When I was in the Army back in 1970, I took a correspondence course on computer programming (and much more), thinking that having some kind of intimate knowledge of computers should some day pay off.
The course was very technical, and the deeper I got into it, the more I wondered just how practical what I was learning would be in the long haul. Eventually, I concluded that, like so many other things in life, I didn't need a thorough understanding of how computers worked to make them work for me. I just had to buy the right one.
Over the weekend, I was reading about how important it is (or will be) for kids to know how to code computer programs.
And I see that the Chicago library is now offering to let patrons check out a robot called The Finch, developed by Carnegie Mellon University to teach kids about coding.
Really? How many kids will work in a job that requires them to know how to code? One out of 10? One of 100? One of 1,000?
I've tried coding. It's boring. It's tedious. It's not for everybody.
Would kids be better off reading a good book? Learning Latin? Practicing their multiplication tables?
Free speech in almost all sectors is now under attack in Russia.
News media are the latest to be censored by Putin's regime.
Before that, a law came up that would ban the use of obscenity in art, cultural and entertainment events. So, what, exactly, is obscene to Putin's government?
In April, a measure passed banning swearing in the media. Not sure what swearing is, either. "Gosh!" "Egad!" "Dang!" "Darn!" "Damn!"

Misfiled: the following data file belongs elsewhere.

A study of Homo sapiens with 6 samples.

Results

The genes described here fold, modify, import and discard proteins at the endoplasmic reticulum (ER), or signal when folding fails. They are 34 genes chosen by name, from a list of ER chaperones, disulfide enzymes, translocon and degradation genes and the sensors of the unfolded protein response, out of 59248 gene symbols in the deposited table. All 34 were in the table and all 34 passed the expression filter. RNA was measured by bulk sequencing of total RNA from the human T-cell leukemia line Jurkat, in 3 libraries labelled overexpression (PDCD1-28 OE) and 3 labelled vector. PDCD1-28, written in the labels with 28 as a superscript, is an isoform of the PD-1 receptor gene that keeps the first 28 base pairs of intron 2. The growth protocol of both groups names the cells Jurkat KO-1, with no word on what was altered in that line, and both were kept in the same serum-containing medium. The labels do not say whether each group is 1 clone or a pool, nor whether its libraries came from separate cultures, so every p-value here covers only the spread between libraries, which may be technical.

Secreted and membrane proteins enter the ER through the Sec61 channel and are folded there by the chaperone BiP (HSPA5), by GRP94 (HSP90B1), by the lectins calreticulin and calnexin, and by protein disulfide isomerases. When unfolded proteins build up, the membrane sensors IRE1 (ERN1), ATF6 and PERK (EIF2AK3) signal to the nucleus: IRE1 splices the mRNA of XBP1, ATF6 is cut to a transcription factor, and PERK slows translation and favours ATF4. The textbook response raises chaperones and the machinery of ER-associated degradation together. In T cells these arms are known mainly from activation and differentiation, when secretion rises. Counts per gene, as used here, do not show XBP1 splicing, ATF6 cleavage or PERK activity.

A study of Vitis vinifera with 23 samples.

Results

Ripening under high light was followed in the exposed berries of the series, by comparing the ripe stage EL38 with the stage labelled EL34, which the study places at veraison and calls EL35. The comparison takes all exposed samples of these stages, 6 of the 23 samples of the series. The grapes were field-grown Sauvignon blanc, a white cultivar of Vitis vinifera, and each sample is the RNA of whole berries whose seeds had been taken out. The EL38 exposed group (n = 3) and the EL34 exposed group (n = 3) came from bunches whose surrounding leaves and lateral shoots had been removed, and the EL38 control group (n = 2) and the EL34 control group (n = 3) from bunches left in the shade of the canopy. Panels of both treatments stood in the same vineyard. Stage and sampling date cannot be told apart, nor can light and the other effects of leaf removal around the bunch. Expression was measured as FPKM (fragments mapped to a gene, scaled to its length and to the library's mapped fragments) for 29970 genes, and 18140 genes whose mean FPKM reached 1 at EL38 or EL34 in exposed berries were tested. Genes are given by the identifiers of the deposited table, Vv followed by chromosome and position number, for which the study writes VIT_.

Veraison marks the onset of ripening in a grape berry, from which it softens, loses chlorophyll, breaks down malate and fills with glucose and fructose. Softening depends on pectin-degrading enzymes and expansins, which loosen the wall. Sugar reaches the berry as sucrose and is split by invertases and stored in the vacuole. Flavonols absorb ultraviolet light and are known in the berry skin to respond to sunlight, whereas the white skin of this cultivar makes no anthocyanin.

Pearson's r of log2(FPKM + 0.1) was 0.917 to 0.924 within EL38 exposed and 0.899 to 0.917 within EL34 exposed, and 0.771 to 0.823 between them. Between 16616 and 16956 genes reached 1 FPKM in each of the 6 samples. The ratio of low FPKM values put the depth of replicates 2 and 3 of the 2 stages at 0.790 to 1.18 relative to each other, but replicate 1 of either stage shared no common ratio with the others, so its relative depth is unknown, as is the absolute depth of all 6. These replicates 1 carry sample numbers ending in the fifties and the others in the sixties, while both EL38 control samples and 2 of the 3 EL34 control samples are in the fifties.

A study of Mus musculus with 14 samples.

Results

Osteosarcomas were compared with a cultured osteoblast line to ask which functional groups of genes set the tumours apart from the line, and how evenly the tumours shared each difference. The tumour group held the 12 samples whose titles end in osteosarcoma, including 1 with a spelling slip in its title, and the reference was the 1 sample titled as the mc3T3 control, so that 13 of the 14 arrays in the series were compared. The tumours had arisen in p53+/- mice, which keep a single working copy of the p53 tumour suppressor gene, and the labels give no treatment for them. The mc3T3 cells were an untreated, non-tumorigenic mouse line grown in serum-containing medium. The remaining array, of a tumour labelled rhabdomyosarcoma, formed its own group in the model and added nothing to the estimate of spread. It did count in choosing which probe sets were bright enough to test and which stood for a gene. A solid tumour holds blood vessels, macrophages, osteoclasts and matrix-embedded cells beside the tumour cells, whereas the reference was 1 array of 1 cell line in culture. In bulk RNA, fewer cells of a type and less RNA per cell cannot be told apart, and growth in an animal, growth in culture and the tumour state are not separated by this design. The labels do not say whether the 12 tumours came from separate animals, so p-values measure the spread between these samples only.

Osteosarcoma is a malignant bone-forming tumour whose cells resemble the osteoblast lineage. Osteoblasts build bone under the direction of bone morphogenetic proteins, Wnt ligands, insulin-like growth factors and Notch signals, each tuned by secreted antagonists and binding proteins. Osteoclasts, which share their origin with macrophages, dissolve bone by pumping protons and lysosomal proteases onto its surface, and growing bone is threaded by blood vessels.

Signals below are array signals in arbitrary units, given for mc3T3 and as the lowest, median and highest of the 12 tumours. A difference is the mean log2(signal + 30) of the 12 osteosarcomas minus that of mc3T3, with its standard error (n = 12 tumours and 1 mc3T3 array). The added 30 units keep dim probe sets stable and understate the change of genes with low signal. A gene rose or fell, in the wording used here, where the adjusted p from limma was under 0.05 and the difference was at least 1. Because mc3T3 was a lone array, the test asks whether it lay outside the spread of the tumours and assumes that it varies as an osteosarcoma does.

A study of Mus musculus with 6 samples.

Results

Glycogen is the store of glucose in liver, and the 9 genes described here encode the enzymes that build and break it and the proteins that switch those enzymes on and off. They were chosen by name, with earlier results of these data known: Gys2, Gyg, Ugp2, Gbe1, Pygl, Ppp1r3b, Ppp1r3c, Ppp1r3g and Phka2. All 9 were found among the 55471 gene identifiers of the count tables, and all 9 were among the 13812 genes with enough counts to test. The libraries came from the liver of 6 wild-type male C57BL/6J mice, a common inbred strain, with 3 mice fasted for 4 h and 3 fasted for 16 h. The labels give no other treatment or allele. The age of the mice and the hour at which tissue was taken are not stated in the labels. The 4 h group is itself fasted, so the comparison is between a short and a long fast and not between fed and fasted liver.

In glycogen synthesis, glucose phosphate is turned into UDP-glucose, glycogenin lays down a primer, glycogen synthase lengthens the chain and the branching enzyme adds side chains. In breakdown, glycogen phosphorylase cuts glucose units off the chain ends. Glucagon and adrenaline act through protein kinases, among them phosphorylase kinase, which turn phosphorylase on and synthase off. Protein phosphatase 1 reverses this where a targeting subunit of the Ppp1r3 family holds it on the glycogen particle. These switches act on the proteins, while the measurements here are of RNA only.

And so it goes. Remember the warnings of one of our country's most prominent jurists: Power corrupts. Absolute power corrupts absolutely.
Following up with more thoughts about that study I mentioned in Monday's blog:
The study conclusion was that children are harmed when they read those little books that have talking monkeys or things like that.
The underlying premise seems to be that kids are harmed when presented fiction.
So ... what should we do about zoos -- where animals do very unnatural things?
Or places like Sea World?
We can help
Noon Oct. 7
There's just something a little wacky about this study:
Patricia Ganea, a Canadian psychologist, has concluded that toddlers who look at books containing cartoon-like depictions of animals doing all kinds of things that their counterparts in the real world would not do hamper the kids' ability to learn.
Her study is written up in the Sunday New York Times magazine.
Tell me what kids learned after reading "The Giving Tree." Did they come to believe that trees talk and express empathy?
What did kids who watched "Bambi" learn about deer?
I probably need to see who Ganea used for a control group, among other things.
But, I'm thinking that her conclusions are so far off the rational mark that I'd be wasting my time.